Media Comparison Research


There have been considerable debate on research of media comparison as it relates to education over the past few years. According to Richard Clark, there has been a "paradigm shift" that occurred in instructional media research during the past decade from a behavioral to a more cognitive approach. (Anglin 348).

Clark felt that there was "consistent evidence found that there are no learning benefits to be gained from employing any specific medium to deliver instruction. Research showing performance on time saving gains from one or another medium is shown to be vulnerable to compelling rival hypothesis concerning the uncontrolled effects of instructional method and novelty. (Clark 445)

Media Defined:

Media refers to a class of instructional resources and representing all aspects of the mediation of instruction through the agency of reproducible events. It includes the materials themselves, the instruments used to deliver the materials to learners and the techniques or methods employed. (Allen 1)

Media can be defined by its technology, symbol systems and processing capabilities. The most obvious characteristics of a medium are its technology: the mechanical and electronic aspects that determine its function and, to some extent, its shape and other physical features. (Kozma 180)

Basics of Media Research

There are three major objectives of media research: (1) obtain knowledge about the educational or instructional effectiveness of a chosen medium; (2) increase understanding of how media and technology function and what psychological effects they have on a learner; (3) improve the practice of education through the provision and evaluation of better materials, media, procedures and technologies (Salomon, Clark 1-2).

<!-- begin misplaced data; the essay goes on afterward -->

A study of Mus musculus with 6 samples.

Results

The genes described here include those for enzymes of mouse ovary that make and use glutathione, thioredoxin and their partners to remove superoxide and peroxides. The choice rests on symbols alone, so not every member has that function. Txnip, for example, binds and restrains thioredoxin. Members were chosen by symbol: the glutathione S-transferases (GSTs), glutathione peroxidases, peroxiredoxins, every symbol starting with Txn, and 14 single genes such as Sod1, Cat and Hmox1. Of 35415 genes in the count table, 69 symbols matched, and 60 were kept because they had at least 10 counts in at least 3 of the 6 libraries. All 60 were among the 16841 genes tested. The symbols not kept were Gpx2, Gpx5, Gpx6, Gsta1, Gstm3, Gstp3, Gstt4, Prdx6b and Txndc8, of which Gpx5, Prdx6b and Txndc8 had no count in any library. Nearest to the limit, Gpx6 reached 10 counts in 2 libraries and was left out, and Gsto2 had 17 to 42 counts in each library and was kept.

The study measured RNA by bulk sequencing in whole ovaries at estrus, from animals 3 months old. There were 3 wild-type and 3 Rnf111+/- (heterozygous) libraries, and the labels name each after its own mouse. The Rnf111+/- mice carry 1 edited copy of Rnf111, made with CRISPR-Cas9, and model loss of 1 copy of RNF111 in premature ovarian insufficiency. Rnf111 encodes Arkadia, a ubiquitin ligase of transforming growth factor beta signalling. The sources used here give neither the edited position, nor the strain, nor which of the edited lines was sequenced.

Schramm, as cited by Salomon, stated that while all media can teach very effectively, "learning seem to be affected more by what is delivered than by the delivery system." (Schramm, 1977) (Salomon 1). This has become the basis of disagreement among experts.


Clark’s article argued that most current summaries and meta-analyses of media comparison studies clearly suggest that media do not influence learning under any conditions. In El Salvador (Schramm, 1977), it was not the medium that caused a change in achievement, but rather a curricular reform that accompanied the change. The best current evidence is that media are mere vehicles that deliver instruction but do not influence student achievement any more than the truck that delivers our groceries causes changes in our nutrition.